Aguascalientes, capital of the state with the same name, is located in North-Central Mexico. It is a cradle of Mexican traditions, culture, and folklore, as reflected in its churches, haciendas, handicrafts, and festivals.

Named after hot springs discovered by the conquistadors, the hot waters (aguas calientes) of these natural swimming pools range from 63˚ to 68° F and is one of the city’s main attractions. Four centuries after its founding, Aguascalientes remains a land of “clear water, clear skies, fertile land, and good people,” as stated in the motto on its coat of arms.

The old neighborhoods are varied and multicultural, with a wide range of churches, plazas, gardens, monuments, modern architecture, museums, and sports venues that makes Aguascalientes an important tourist destination in Mexico.

Aquascalientes is home to important cultural and entertainment events. Mexico’s largest fair is in Aguascalientes. San Marcos National Fair, offering food and drink, amusement rides, bullfights, and more, attracts visitors from all over the world. Another big celebration is Festival de las Calaveras (Festival of the Skulls). The popularity of these events is a reflection of the city’s strong traditions distributed throughout its old neighborhoods.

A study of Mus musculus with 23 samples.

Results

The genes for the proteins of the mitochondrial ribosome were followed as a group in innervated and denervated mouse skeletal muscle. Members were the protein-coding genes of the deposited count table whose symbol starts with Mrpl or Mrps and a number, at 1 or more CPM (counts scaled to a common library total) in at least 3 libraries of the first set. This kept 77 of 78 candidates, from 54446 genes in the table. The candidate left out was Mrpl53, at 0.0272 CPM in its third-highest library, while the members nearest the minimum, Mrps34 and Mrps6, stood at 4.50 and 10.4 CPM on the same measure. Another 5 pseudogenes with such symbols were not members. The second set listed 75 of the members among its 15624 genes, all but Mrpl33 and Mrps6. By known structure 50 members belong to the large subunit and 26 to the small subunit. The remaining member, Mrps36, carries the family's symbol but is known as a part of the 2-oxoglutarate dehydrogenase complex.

Adorned with eighteenth century architecture that keeps the religious splendor of the colonial era alive, examples include the historic center with the Aguascalientes Cathedral, dedicated to Our Lady of Assumption, and the churches of San Diego and Our Lady of the Rosary. Another icon of the capital is the Morelos Theater, site of the famed Aguascalientes Convention and a museum housing records of the city’s importance in Mexican history.

Hotels in Aguascalientes, such as the Fiesta Americana Aguascalientes and Hotel Francia Aguascalientes, located across from the Cathedral, offer excellent service.

Fine openwork, embroidery, and textiles, made using techniques handed down from one generation to another, are among the city’s most representative handicrafts. The cuisine, another symbol of regional culture, distinguishes it as a city with a myriad of colors, aromas, and flavors.